As interest rates remain low, an important pool of interest-bearing accounts that helps fund D.C. legal aid groups is feeling the pain.
The Interest on Lawyers Trust Accounts program, or IOLTA — which pools the interest generated from client funds being held by D.C. lawyers and distributes the money to civil legal services providers in the District — generated 14 percent more revenue in the fiscal year ending June 2012 compared with the previous year, going from $550,000 to $626,000. And the amount earned during the last six months of 2012, $422,677, appears on track to surpass that.
However, that figure is expected to flatten out or drop because the boost came from two large settlements that have now been paid out and will no longer generate interest.
“The higher levels we received [July through December 2012] were due entirely to above-average balances in two accounts that have now gone out the door,” said Katia Garrett, executive director of the D.C. Bar Foundation, the charitable arm of the D.C. Bar that is in charge of distributing IOLTA funds to legal aid providers. “Those two bank accounts were spinning off a little more revenue than usual, but we expect that to be down to normal levels.”
The program works this way: Lawyers often keep client funds in trust accounts, such as when they hold a class action settlement to be paid out over time. If the amount is large or held for a long enough period, it generates interest for the client. But when the amounts are “nominal,” or held for too short a time to generate interest, lawyers can place the funds in IOLTA accounts. All 50 states, D.C. and the U.S. Virgin Islands have their own IOLTA programs The District is among 44 jurisdictions that mandate participation. D.C. IOLTA funds go to nonprofits that serve D.C. residents with direct legal services, including help gaining access to shelter, food and safety.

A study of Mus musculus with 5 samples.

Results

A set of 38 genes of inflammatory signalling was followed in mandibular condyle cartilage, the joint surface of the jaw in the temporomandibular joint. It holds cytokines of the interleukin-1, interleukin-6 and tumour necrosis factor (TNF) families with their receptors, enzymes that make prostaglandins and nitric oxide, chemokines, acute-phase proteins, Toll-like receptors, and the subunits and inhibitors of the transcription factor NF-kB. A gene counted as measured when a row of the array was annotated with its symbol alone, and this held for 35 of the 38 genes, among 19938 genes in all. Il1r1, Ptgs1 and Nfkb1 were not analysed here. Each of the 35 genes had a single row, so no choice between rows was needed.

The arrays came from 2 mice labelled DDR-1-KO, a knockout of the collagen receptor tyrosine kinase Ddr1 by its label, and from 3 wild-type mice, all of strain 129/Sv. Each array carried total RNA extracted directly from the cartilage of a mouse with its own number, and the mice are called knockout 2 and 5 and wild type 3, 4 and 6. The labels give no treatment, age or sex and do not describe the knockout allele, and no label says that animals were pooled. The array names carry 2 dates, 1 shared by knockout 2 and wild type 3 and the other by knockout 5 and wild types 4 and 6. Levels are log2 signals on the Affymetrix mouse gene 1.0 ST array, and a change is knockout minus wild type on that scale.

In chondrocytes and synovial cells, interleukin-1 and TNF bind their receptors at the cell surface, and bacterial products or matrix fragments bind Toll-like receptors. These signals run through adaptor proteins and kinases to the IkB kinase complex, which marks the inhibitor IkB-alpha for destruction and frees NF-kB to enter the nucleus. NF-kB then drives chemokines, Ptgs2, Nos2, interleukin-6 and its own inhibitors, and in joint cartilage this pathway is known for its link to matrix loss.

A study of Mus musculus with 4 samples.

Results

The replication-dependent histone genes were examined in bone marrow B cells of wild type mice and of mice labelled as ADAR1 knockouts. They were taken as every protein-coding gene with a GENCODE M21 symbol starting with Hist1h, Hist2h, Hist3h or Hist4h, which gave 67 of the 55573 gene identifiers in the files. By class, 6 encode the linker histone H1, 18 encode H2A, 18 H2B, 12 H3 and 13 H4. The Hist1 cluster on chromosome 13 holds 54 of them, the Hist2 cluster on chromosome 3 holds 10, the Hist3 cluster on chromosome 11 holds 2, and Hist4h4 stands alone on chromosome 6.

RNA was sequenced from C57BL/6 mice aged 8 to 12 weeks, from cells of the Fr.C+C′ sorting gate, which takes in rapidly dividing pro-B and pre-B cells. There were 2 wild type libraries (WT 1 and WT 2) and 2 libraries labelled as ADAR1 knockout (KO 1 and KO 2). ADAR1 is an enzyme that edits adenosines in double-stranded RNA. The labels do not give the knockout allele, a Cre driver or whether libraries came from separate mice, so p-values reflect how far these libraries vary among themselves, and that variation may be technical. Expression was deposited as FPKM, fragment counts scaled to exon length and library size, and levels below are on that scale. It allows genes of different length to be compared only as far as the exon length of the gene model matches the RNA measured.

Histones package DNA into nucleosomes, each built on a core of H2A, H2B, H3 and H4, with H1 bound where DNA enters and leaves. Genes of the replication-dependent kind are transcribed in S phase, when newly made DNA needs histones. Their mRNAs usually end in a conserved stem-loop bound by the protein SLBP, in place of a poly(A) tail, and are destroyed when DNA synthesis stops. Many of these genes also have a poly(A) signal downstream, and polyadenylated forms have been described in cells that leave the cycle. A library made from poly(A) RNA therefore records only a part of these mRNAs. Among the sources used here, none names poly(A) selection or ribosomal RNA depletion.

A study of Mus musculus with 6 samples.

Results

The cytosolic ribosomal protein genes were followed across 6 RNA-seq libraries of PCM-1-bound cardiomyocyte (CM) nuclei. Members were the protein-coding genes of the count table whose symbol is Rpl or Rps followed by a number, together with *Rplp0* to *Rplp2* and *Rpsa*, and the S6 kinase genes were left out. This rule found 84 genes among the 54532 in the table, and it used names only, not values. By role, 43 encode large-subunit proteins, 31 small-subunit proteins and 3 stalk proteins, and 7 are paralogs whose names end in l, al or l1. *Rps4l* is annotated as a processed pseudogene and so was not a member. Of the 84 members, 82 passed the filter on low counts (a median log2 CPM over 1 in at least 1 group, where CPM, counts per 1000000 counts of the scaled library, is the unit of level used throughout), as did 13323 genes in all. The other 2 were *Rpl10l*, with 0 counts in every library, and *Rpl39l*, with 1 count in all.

The number of IOLTA accounts has grown from roughly 2,000 in 2010 to 2,500 as of December.
Last year marks the second consecutive year IOLTA funds grew, but those levels of revenue are still a far cry from the $2.4 million the program generated in 2008, before banks slashed their interest rates of up to 4 percent on deposits to no more than 1 percent. Most banks now offer 0.25 percent.
“At this point, it’s a mix of good and bad news,” Garrett said. “The good news is these accounts generated a little more revenue. The bad news is interest rates remain really low and banks are continuing to cut already-low rates.”
The hit that IOLTA is taking from low interest rates is pushing Washington’s legal community to seek other sources of revenue for legal aid groups. The D.C. Access to Justice Commission in 2010 started a program called Raising the Bar, in which they ask law firms to set aside a portion of revenue from their District office to be given to legal services providers. In 2011, 23 law firms agreed to donate between 0.075 percent and 0.11 percent of their D.C. office revenue, which generated a collective $3 million. In 2012, the number of participating firms grew to 36.